I never hire anyone less than exceptional. In 2012, we chose Jerry Gratton as our new People & Culture leader -- on the spot, over the phone. Why was I so sure he was the right person for the job? Because Jerry helped build our quirky culture in the first place!
Jerry is what the corporate world calls a 'boomerang' employee: someone who leaves a company to work somewhere else, but ends up going back. Some people refuse to bring back former employees, but for us it was a no-brainer: any organization would be lucky to have Jerry (we've just been lucky enough to have him twice). There was a time when it was frowned upon for people to change jobs but letting a former employee return was unheard of. Today, employees and employer alike are embracing this rising trend.
Hiring boomerangs can have huge benefits for everyone: they already understand how your company operates, and if they've done the work will likely return as a new-and-improved version of themselves.
We Say You Can Go Home
The door is always open at our company for stand-out employees to return at any point in their careers (provided there's a role available). Good people are good people; just because they leave doesn't make them any less so.
Jerry left in the wake of the recession when our company was struggling to get back on its feet. He began to weigh his options and found an opportunity that was better for him at the time. I was happy for him, but I won't lie: without him, our future looked murky.
If you love something you have to let it go; when Jerry left, I told him he always had a place here and all he had to do was call. Over the years, we've said the same to dozens of employees -- some of whom have returned and others who haven't. Leaving the door open is a way to show people that we value their contributions, and that they'll always be a part of our family even if they move on.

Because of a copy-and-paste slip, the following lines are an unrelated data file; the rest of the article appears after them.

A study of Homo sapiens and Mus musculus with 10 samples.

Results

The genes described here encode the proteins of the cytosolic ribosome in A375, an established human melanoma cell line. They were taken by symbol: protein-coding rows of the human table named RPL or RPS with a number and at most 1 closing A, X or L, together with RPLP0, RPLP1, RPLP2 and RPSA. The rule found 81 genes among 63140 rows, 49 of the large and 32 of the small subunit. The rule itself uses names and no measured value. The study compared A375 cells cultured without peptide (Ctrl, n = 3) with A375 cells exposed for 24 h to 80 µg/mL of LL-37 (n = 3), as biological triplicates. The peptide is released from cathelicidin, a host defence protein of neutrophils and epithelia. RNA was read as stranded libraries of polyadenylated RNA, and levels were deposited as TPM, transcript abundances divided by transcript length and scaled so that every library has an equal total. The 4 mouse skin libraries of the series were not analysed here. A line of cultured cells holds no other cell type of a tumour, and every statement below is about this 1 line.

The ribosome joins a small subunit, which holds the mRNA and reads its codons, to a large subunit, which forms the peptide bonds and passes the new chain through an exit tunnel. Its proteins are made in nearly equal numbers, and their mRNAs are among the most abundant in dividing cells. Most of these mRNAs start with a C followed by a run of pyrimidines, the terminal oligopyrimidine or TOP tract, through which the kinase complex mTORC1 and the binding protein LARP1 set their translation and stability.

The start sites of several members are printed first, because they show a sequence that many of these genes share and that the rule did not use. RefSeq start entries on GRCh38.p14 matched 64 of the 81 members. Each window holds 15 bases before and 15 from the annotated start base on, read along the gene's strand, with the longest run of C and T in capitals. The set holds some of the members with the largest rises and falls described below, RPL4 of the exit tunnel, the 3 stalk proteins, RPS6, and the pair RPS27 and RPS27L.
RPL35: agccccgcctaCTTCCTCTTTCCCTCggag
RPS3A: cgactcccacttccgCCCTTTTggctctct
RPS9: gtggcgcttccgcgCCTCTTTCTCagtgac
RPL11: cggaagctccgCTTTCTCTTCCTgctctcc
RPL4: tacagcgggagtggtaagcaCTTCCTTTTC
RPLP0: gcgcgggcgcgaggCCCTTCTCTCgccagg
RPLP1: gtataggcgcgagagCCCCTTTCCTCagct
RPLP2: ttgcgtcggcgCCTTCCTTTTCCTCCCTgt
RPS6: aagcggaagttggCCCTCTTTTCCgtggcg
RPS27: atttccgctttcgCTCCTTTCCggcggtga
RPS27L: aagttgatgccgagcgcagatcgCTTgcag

Our Very Own Comeback Kid
For most people, quitting a job is the closing of a door they don't intend to reopen. But the grass isn't always greener, and people often regret the decision. Unfortunately, going back is viewed in a negative light because no one wants to admit defeat. But unless you quit Jerry Maguire-style, there's no reason you can't come back stronger.
Many of today's most well-known innovators came full circle: Steve Jobs left Apple only to return 12 years later. Same goes for Howard Schultz, Jack Dorsey and Steve Huffman.
Your old company might be more eager to have you back than you think. Jerry and I stayed in touch after he left, and I kept waiting for him to say the magic words. When a few years passed, I decided to ask: "Are you ready to come home yet?"
Fortunately, he'd been hoping for my call just as anxiously as I'd been awaiting his. "I thought you'd never ask!" he said, and he rejoined our company within a month. He still refers to his return to O2E Brands as his "homecoming".
Some Stories Don't Need a Sequel
The tricky part is that the boomerang system doesn't work for everyone or in every situation. We don't invite every departing employee to come back (due to culture fit or poor performance, for example), and not everyone wants to anyway. Sometimes, it's about having the sense to realize that if it doesn't work now, then it probably never will.
In other cases, people come back only to realize that our company isn't the same as they remember. We've evolved and grown up -- just as the employee has, too. When so much time has passed, we can't always get realigned.
Our boomerangs bounce back better than ever, and bring fresh eyes and new ideas to our organization. More companies are realizing that hiring boomerangs is common sense: it's not about a willingness to bring valuable people back -- it's about being the kind of company people want to come back to.